The manufacturing sector is expected to grow at a slower pace of 3.29 percent this year to NT$18.93 trillion (US$642.7 billion), on concerns that an escalating China-US trade row could curtail electronics demand from Taiwan, the Industrial Economics and Knowledge Center (IEK, 產業經濟與趨勢研究中心) said.
“Escalating global trade disputes and decelerating demand for information and communications technology [ICT] products are likely to weaken the manufacturing sector’s performance,” IEK policy and regional research division deputy director Peter Cheng (陳志強) told a media briefing on Thursday.
“As the US pushes its free and fair trade policy, the global supply chain is set to experience a major shift,” Cheng said. “Taiwanese manufacturers are advised to be well prepared for the change, given their key role in China’s supply chain.”
About 26.7 percent of every US$100 ICT production value is linked to goods, or components exported to China and re-exported to global markets, IEK said, citing the latest statistics from 2014.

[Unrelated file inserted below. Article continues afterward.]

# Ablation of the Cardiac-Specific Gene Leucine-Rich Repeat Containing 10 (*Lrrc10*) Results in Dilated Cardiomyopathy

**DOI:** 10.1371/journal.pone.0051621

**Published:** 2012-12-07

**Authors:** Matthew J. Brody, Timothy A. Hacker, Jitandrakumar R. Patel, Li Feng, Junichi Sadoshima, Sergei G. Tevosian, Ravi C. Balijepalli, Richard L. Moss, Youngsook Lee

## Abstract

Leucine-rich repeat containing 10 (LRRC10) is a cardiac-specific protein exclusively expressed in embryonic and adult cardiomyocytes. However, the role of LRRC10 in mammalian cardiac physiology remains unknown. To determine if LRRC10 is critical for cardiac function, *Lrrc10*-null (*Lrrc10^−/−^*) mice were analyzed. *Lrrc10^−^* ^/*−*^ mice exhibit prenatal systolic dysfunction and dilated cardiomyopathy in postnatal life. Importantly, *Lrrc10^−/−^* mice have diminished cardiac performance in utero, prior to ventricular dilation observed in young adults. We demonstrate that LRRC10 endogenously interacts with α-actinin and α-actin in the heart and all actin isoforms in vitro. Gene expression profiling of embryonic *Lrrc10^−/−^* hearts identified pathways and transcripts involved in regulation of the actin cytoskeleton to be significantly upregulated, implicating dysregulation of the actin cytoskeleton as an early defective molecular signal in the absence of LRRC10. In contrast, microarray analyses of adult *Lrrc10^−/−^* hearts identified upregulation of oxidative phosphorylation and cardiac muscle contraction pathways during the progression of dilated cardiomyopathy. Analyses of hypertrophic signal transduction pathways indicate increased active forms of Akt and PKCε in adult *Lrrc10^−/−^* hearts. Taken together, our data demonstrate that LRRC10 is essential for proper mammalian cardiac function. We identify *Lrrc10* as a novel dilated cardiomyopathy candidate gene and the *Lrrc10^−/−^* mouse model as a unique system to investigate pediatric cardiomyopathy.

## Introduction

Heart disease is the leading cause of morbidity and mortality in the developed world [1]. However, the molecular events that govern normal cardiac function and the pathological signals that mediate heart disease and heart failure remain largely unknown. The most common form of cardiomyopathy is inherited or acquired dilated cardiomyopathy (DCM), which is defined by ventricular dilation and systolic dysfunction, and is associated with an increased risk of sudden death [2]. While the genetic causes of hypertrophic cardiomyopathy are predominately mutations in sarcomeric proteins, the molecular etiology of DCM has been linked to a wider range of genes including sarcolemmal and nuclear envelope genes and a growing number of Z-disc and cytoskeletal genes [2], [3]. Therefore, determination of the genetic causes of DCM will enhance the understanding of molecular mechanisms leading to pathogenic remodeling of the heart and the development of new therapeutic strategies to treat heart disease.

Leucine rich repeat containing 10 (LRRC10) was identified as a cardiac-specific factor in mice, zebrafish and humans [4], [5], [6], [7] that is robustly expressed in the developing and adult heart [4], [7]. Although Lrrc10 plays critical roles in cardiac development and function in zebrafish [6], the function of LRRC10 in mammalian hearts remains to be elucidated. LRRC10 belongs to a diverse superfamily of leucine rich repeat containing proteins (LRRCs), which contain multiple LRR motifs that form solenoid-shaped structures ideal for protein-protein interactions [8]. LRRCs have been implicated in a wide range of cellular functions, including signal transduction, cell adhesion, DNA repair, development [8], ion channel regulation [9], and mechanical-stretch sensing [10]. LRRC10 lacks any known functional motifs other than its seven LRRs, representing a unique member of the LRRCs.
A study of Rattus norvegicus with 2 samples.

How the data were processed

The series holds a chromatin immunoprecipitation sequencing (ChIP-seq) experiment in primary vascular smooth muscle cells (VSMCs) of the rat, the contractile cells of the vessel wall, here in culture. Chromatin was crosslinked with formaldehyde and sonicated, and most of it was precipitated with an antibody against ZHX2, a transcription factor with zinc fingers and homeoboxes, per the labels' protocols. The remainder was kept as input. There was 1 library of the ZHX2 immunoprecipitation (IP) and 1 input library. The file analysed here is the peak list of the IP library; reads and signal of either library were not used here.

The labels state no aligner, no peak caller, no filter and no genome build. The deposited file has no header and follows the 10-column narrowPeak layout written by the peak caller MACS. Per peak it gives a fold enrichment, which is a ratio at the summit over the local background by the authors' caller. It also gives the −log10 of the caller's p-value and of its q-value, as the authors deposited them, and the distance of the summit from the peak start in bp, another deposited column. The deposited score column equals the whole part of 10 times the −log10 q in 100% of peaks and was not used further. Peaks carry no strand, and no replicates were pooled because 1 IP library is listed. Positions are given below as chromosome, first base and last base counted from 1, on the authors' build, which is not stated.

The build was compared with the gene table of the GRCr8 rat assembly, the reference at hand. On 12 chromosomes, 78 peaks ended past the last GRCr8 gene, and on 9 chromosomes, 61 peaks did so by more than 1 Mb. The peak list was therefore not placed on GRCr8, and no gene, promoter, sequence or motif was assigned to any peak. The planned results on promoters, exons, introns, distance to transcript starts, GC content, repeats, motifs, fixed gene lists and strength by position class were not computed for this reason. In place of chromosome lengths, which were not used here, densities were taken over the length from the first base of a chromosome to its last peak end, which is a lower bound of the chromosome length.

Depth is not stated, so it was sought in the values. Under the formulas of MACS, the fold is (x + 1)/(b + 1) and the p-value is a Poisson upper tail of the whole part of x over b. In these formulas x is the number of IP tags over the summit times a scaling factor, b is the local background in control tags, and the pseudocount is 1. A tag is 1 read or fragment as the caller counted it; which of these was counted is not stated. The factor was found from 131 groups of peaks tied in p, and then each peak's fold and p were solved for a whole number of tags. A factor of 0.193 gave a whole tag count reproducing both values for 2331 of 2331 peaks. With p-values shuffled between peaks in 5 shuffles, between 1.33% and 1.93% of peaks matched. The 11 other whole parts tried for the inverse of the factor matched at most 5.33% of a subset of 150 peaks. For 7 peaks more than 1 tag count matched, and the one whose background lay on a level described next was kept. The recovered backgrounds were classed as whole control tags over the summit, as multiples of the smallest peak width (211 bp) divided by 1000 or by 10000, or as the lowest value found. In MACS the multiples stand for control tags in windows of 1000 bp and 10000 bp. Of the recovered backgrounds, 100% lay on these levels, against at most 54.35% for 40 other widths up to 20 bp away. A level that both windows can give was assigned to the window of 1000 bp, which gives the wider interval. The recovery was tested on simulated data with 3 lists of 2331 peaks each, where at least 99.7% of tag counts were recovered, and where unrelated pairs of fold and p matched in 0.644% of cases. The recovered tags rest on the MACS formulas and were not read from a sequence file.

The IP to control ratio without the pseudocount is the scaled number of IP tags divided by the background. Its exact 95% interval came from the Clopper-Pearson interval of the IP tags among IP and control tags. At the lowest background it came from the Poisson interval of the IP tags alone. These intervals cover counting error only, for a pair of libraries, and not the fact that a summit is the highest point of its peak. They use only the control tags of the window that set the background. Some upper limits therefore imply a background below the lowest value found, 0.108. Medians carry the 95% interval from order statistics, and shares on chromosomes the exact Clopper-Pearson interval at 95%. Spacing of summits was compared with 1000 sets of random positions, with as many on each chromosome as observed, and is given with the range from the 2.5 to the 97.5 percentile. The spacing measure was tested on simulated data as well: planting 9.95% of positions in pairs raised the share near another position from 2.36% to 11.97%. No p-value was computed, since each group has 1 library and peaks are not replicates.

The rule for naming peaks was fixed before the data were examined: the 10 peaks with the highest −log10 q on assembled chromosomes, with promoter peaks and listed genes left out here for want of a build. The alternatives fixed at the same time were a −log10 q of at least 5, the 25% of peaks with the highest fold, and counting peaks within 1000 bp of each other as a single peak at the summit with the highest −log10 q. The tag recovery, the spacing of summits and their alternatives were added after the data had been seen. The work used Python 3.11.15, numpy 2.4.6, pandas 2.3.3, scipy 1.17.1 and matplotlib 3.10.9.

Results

Local manufacturers including foundries, chip designers, flat-panel makers and automotive electronics makers are advised to improve their research and development efforts to cope with the shift, IEK said.
The ICT sector, the largest contributor to the manufacturing sector, is likely to suffer the brunt of the changes, with growth expected to slow to 3.47 percent annually this year, or 0.49 percentage points down from earlier estimates of 3.96 percent growth, IEK said.
The base metals and machinery sector is forecast to see production value grow 2.1 percent annually to NT$5.27 billion, rather than the 2.42 percent estimated three months ago, IEK said.
The petrochemical sector is forecast to go against the downtrend by growing at a faster annual rate of 5.09 percent this year to NT$4.69 trillion, compared with 4.88 percent estimated by IEK in January.
As for the livelihood sector — including the textile and tourism industries — output is expected to grow 1.95 percent to NT$2.33 trillion, better than an annual growth of 1.86 percent previously estimated by the center.